A wrap-around mortgage is a loan transaction in which the lender assumes responsibility for an existing mortgage. For example, Sam Seller, who has a $70,000 mortgage on his home, sells his home to Bob Buyer for $100,000. Bob pays $5,000 down and borrows $95,000 on a new mortgage. This mortgage “wraps around” the existing $70,000 mortgage because the new lender will make the payments on the old mortgage.
A wrap-around is attractive to lenders because they can leverage a lower interest rate on the existing mortgage into a higher yield for themselves. For example, suppose the $70,000 mortgage in the example has a rate of 6% and the new mortgage for $95,000 has a rate of 8%. The lender’s cash outlay is $25,000 on which he earns 8%, but in addition he earns the difference between 8% and 6% on $70,000. His total return on the $25,000 is about 13.5%. To do as well with a second mortgage, he would have to charge 13.5%.
Usually, but not always, the lender is the seller. A wrap-around is one type of seller-financing. The alternative type of home-seller financing is a second mortgage. Using the alternative, Bob obtains a first mortgage from an institution for, say, $70,000, and a second mortgage from Sam for the additional $25,000 that Bob needs. The major difference between the two approaches is that with second mortgage financing, the old mortgage is repaid, whereas with a wrap-around it isn’t.
In general, only assumable loans are wrappable. Assumable loans are those on which existing borrowers can transfer their obligations to qualified house purchasers. Today, only FHA and VA loans are assumable without the permission of the lender. Other fixed-rate loans carry “due on sale” clauses, which require that the mortgage be repaid in full if the property is sold. Due-on-sale prohibits a home purchaser from assuming a seller’s existing mortgage without the lender’s permission. If permission is given, it will always be at the current market rate.
Wrapping can be used to circumvent restrictions on assuming old loans, but I don’t recommend using it for this purpose. The home seller who does this violates his contract with the lender, which he may or may not get away with. In some states, escrow companies are required by law to inform a lender whose loan is being wrapped. If a wrap-around deal on a non-assumable loan does close and the lender discovers it afterwards, watch out! The lender will either call the loan, or demand an immediate increase in interest rate and probably a healthy assumption fee.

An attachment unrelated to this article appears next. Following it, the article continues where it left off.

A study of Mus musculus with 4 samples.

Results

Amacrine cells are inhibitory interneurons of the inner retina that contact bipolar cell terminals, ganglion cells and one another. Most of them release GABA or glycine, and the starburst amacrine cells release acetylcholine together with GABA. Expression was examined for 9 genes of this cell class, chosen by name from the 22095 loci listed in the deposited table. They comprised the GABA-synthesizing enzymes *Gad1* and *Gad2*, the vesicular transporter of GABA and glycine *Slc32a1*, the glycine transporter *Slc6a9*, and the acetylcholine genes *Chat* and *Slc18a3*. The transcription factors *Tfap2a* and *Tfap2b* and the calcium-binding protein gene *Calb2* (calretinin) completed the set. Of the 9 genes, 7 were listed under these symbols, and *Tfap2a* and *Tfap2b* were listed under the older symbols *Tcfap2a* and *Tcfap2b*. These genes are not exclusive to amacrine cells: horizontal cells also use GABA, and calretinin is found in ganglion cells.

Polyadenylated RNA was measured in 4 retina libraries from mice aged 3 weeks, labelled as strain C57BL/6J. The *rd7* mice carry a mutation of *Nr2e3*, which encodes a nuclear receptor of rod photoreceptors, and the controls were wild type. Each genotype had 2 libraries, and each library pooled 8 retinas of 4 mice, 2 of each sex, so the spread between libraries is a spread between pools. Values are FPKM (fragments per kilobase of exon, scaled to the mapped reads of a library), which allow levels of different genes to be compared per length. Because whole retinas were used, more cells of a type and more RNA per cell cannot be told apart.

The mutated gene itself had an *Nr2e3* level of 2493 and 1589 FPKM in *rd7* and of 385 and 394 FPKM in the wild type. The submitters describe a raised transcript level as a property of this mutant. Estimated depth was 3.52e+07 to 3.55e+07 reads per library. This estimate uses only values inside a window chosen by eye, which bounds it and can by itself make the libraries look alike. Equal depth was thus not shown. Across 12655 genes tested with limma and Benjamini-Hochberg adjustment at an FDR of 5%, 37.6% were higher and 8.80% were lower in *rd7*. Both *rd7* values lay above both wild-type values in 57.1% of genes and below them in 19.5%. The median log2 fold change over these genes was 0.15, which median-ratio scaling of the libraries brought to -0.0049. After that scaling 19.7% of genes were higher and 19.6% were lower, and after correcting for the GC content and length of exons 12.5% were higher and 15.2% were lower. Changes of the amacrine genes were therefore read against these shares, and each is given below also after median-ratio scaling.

When market interest rates begin to rise, interest in wrapping assumable loans will also rise. The incentive to sellers is powerful, since not only do they acquire a high-yielding investment, but they can often sell their house for a better price. But the high return carries a high risk.
When Sam sold his house with a wrap-around, he converted his equity from his house, which he no longer owns, to a mortgage loan. Previously, his equity was a $30,000 ($100,000 house less a $70,000 mortgage). Now, his equity consists of the $5,000 down payment plus a $95,000 mortgage that he owns less the $70,000 mortgage that he owes.
The new owner has only $5,000 of equity in the property. If a small decline in market values erases that equity, the owner has no financial incentive to maintain the property. IfBob defaults on his mortgage, Sam will be obliged to foreclose and sell the property to pay off his own mortgage.
In some seller-provided wrap-arounds, the payment by the buyer goes not to the seller but to a third party for transmission to the original lender. This is an extremely risky arrangement for the seller, who remains liable for the original loan. He doesn’t know if the payment on the old mortgage was made or not — until he receives notice from the lender that it wasn’t. Payments by the buyer have often been late, and the seller’s credit has deteriorated as a result. I once saw this situation from a buyer who had bought a home on a lease-purchase option. The “seller” had bought the house on a wrap, resold it to the buyer, took his earnest money and monthly payments and kept them for herself instead of paying the mortgage. The buyer lost his escrow money and the extra money he had paid monthly to buy down the final price, the titled owner was foreclosed on, and the buyer/seller in the middle got to walk away.
On the other hand, it can work out well and perhaps 9 of 10 deals do. The problem is that unless you know the buyer, you can never be sure that yours is not the 10th that doesn’t. The home seller who does a wrap-around can’t diversify his risk.